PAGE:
Monday, June 29, 2009

Water, Weed, Harvest, Preserve

We're in survival mode here. Not the kind of survival mode that comes from not having enough,

but the kind of survival mode that comes from having more than we'd imagined possible.

It's the second week of over 100 degree weather and our area keeps hitting new records. According to the weather service, this is the hottest June in recorded history in Central Texas. Last week, it was 110 at the airport, but with our pleasant lake breezes, we only made it to 108 at our house.

Couple the record breaking temps with a record breaking drought and you'd think everything on the ground would be brown and dead right now. But this is a tough little land, with a long history of extremes, and though some native plants respond to this type of weather by going dormant, many others stay bright and green, and even bloom like crazy.

But garden veggies aren't tough native plants, so everything ought to stop producing about now, give up, die on the vine. And lots of stuff is slowing down, gasping its last breath, shriveling up in the white hot intensity. But most of the garden is keeping on keeping on, surviving with the sips of water I give them, wide spacing so they can dig their roots in deep, and lots of mulch. The tomatoes look ridiculously showy, the melons are fat as babies, the squash just won't stop, the tomatillos are as big as Volkswagen buses, and the peppers couldn't be happier.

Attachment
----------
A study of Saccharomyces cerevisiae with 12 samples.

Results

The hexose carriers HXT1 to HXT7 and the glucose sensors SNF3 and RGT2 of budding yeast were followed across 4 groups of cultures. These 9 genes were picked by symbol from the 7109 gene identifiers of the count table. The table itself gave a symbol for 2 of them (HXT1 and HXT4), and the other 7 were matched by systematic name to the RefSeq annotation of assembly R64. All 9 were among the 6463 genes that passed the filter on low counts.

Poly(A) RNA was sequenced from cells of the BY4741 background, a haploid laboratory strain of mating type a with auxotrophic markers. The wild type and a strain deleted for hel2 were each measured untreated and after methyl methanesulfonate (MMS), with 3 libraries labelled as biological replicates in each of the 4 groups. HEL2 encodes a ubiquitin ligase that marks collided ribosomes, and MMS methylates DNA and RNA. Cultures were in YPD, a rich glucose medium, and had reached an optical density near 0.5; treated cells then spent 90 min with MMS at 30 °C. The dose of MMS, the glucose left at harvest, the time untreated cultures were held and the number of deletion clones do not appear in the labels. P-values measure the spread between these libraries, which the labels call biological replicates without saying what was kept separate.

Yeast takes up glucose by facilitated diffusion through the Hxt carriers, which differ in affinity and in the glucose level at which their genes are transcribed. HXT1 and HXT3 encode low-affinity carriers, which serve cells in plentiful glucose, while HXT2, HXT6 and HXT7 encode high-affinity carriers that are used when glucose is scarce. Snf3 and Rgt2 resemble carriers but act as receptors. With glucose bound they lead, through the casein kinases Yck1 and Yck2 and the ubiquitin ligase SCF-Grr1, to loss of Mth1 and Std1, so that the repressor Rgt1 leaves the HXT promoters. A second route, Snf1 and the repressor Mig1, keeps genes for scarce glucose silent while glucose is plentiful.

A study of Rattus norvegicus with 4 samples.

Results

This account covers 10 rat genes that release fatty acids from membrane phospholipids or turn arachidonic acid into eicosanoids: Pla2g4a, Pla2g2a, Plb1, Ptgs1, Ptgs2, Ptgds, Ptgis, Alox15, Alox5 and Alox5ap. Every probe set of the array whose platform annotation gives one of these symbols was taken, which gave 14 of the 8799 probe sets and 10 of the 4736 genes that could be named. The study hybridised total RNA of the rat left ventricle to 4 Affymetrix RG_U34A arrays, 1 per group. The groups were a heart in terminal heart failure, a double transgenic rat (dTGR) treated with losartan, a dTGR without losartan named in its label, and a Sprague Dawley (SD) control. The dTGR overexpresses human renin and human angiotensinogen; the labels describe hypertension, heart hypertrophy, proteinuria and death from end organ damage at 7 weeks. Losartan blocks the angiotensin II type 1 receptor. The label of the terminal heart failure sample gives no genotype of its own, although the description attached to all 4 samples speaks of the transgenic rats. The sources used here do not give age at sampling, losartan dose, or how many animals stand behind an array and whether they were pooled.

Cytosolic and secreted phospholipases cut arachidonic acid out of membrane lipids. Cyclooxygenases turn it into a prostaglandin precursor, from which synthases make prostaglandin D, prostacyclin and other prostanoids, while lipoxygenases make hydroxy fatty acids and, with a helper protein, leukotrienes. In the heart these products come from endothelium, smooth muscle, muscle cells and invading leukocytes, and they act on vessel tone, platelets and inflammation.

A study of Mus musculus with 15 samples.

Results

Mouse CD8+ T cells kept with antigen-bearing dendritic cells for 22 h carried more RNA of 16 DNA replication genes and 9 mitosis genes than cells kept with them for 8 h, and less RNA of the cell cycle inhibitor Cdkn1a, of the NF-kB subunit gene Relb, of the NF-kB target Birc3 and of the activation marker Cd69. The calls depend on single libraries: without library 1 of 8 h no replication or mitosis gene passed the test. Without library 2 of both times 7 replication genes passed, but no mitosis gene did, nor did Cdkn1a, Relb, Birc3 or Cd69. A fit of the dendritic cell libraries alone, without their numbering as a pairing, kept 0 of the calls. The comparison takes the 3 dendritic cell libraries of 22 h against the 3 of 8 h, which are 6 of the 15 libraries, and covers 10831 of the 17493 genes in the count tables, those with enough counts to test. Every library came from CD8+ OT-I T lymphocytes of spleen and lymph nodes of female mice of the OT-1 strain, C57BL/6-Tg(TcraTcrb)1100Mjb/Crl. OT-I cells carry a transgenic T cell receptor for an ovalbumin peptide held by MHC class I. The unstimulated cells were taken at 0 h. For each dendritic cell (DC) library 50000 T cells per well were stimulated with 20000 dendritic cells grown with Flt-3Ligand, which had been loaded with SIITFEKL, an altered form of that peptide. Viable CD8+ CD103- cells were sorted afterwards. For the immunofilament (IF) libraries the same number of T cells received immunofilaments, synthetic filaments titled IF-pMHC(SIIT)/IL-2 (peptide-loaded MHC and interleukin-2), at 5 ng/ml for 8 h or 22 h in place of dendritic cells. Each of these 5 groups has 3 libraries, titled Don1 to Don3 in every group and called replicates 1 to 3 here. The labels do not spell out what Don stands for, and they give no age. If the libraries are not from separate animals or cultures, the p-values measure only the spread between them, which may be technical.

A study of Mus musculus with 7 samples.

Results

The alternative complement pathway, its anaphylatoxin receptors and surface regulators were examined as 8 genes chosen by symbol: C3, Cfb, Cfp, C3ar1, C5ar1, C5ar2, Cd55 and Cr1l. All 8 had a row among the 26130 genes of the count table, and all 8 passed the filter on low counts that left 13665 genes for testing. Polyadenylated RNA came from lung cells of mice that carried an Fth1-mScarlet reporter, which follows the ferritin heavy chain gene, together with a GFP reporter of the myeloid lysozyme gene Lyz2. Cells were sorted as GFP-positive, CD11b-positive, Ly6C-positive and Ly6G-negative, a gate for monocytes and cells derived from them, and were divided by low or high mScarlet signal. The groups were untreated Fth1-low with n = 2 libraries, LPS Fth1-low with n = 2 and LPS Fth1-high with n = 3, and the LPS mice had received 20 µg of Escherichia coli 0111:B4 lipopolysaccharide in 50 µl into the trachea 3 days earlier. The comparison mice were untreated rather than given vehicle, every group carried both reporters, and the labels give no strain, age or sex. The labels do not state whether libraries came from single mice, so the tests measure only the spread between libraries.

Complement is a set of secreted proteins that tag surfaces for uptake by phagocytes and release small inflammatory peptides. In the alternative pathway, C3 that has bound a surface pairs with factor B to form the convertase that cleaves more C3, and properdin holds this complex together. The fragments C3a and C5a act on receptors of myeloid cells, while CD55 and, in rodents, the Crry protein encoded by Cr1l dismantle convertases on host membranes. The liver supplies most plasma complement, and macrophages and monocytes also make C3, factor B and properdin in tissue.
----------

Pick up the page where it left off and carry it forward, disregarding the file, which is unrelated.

And me? Well, I'm a heat tolerant native too, but I'm barely keeping up with all the harvesting, weeding, watering, and chasing off hungry animals. Most of all, I'm barely keeping up with canning and freezing. I had not predicted that preserving would be such a time consuming part of food independence. Hours and hours of peeling, chopping, brining, pickling, freezing.

Other than that I try to spend as much time as possible submerged in water.


  1. Whoa! I can't imagine gardening and preserving in that kind of heat! Last week it hit 96F here for a day or two, but this week it is high's in the upper 60's to low 70's....not exactly conducive to great tomato growth!

  2. You've got that right, Cyn. No new tomato growth but the stuff on the vine is as red as, well, a ripe tomato. Since we get two growing seasons here, it's almost time to start the seeds for the fall tomatoes!

  3. Oh my, I am such a heat wimp that I start sweating just reading your post! You are superwoman!! Good luck with all the preserving!! :) Silke

  4. Fall tomatoes, two great is that. I thought 85° was hot, not hardly I guess. I agree with Silke, you must be a superwoman to be preserving in 108°temperatures. Your tomatoes look supurb.